Overland Park Bomb Squad technician Jim Dawkins showed off the team’s “bomb suit” before Wednesday’s Kansas University men’s basketball game.
There’s the 15-pound helmet with an air ventilation system and the 80-pound suit lined with Kevlar shields.
But no gloves.
In the rare event that something goes boom, “Your hands are going to be gone,” said Dawkins nonchalantly, explaining that the technicians need their hands free to use tools.
But the task of the squad, which was called to Lawrence twice on the same day recently, is usually not the stuff seen in movies.
“Bomb squads aren’t cowboys,” said Dawkins, citing the 2008 movie “The Hurt Locker,” which featured a rogue — and not terribly cautious — bomb technician played by Oscar-nominee Jeremy Renner.
In real life it’s much more methodical, said squad leader Sgt. Russ Stamer. Since the Overland Park team’s start in the 1970s, no one from the squad has been seriously injured on a call.
The seven-member team, all Overland Park police officers, approaches a call step by step.
It often starts with a member of the public reporting a suspicious package. The Overland Park crew is one of seven bomb squads in the Kansas City metro area that can be called by authorities looking for trained explosives experts.
When the team was called by Lawrence police following a report of a suspicious package near the Douglas County Justice Center on Jan. 25, they cleared the area and sent in its $280,000 bomb robot, technically known as an Andro F6B. The team just calls it the robot.
The machine is equipped with cameras, listening devices and a claw that can grasp something as small as a pen, as team member Mark Vargo demonstrates outside of Allen Fieldhouse before the team checks the building, as it regularly does, before games.
Vargo, controlling the robot with a gigantic and complicated-looking joystick, would normally be sitting inside the van with the other members watching on a monitor as the robot checks out the suspicious object.
Relying on the experience of the technicians, all of whom spent six weeks training in Huntsville, Ala., learning all about explosives, they make a collective decision.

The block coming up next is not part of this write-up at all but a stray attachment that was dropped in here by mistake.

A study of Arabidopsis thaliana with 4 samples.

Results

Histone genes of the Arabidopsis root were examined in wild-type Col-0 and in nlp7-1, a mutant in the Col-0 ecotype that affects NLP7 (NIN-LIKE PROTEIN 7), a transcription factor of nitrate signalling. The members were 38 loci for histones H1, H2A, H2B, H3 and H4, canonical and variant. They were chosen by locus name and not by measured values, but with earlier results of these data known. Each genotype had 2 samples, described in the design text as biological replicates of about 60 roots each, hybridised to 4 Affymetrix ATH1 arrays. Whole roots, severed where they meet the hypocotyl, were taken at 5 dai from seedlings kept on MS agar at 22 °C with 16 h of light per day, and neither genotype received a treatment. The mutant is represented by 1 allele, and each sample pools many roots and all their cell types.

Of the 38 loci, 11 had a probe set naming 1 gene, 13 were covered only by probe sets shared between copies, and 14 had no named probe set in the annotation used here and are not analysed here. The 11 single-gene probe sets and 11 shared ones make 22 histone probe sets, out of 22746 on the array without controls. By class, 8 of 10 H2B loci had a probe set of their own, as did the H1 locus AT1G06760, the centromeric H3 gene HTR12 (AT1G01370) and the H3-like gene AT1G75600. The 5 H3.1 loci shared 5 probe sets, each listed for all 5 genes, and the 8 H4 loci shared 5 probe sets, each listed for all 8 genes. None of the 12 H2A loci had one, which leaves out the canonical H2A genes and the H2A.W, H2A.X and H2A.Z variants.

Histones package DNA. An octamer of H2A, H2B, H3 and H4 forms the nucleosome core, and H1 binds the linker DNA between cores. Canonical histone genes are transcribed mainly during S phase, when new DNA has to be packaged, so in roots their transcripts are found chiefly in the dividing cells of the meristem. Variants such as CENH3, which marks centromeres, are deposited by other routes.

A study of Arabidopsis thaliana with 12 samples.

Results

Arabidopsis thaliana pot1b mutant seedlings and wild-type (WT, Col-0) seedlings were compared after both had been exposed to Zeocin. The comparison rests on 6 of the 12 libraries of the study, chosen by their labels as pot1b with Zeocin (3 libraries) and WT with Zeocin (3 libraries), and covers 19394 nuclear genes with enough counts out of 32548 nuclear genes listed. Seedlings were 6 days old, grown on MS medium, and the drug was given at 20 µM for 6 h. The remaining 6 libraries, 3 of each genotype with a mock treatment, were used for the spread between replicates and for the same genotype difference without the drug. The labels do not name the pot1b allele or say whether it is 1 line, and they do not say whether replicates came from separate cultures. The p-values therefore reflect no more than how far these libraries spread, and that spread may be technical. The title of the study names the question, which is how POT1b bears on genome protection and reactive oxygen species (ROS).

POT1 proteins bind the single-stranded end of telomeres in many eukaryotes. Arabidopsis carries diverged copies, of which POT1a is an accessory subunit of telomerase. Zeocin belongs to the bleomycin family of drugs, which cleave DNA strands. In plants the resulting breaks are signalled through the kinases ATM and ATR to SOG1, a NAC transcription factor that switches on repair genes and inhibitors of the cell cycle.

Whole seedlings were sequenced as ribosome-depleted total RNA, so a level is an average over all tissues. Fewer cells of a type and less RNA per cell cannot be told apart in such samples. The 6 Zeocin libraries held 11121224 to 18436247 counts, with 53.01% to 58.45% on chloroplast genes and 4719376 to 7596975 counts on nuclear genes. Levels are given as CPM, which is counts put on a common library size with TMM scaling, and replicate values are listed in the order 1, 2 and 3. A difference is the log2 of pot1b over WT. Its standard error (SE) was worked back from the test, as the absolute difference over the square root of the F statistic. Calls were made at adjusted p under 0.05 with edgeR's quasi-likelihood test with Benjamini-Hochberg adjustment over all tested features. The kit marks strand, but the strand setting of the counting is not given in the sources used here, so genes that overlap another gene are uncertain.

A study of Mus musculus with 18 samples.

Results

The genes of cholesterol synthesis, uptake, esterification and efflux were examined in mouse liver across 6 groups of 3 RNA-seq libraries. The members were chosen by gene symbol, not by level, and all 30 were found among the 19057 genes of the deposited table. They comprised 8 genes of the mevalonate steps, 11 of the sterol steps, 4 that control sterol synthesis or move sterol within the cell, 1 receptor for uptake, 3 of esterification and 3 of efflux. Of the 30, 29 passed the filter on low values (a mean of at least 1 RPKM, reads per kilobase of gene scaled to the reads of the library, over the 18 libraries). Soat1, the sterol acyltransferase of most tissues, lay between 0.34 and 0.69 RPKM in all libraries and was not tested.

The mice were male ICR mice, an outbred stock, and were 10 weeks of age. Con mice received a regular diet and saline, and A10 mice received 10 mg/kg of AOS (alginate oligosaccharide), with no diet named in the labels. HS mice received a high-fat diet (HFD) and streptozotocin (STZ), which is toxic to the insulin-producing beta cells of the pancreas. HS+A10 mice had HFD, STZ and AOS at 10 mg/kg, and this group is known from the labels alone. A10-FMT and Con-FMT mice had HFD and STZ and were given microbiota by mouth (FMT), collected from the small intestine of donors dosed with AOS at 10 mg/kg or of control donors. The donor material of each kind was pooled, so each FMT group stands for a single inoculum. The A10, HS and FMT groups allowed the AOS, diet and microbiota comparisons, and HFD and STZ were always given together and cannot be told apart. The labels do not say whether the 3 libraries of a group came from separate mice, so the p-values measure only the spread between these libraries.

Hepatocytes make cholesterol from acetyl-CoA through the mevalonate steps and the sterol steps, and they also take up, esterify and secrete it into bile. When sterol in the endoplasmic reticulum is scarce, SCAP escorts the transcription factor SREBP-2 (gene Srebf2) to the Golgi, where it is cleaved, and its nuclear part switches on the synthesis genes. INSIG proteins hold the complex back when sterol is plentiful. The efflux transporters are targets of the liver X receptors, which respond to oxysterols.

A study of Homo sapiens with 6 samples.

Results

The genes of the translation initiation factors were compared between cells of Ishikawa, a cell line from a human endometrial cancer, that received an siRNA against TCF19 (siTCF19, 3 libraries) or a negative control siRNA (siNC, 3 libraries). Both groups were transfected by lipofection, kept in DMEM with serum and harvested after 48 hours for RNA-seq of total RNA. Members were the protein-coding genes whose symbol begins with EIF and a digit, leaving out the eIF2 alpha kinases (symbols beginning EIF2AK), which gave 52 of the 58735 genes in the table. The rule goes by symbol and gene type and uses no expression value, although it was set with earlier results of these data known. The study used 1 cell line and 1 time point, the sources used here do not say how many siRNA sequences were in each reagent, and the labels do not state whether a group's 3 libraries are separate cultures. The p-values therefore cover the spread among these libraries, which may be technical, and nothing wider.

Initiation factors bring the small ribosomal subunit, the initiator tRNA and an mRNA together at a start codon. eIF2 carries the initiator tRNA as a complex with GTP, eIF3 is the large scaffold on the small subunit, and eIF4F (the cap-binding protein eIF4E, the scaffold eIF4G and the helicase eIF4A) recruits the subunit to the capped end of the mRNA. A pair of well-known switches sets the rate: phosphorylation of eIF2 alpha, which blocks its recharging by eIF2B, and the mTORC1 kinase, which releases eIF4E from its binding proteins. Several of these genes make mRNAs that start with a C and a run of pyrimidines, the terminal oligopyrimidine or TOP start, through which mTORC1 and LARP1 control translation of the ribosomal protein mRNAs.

“They’ll all sit down, and they’ll all have their own opinions about it,” Stamer said. “And they’ll come up with the safest way to handle it.”
Sometimes that decision is to move the object to another area and detonate it if they suspect it’s an explosive.
When the team was in Lawrence, members scoped out South Park, preselecting it as a detonation spot.
Fortunately, the package by the courthouse was not an explosive, and they sent in a member in a bomb suit to handle the package after the robot cleared it.
About half the calls the squad responds to turn up nothing dangerous, Stamer said. For instance, in 2011 only 13 of the 29 calls contained some form of dangerous element, whether it be a small pipe bomb or hazardous materials.
Still, not knowing what you could find provides an adrenaline rush.
Stamer said he’s driven by “the excitement. You never know what you’re going to find.”
Ask the other members and they cite other motivations for being on the bomb squad, such as the camaraderie among the team and the chance to help out. The team responds and provides its services, which also includes education and public outreach, free of charge to local police departments, as the program is funded through the FBI.
But with the slight possibility that a mistake could be made, and something could blow up at any time, Dawkins gives a somewhat surprising reason why he enjoys the bomb squad.
“I think you have a whole lot more control here than you do in the street,” said Dawkins, an 11-year bomb squad veteran.
It’s not really dangerous, “if you know what you’re doing,” he said. Plus, “you get better stories out of it.”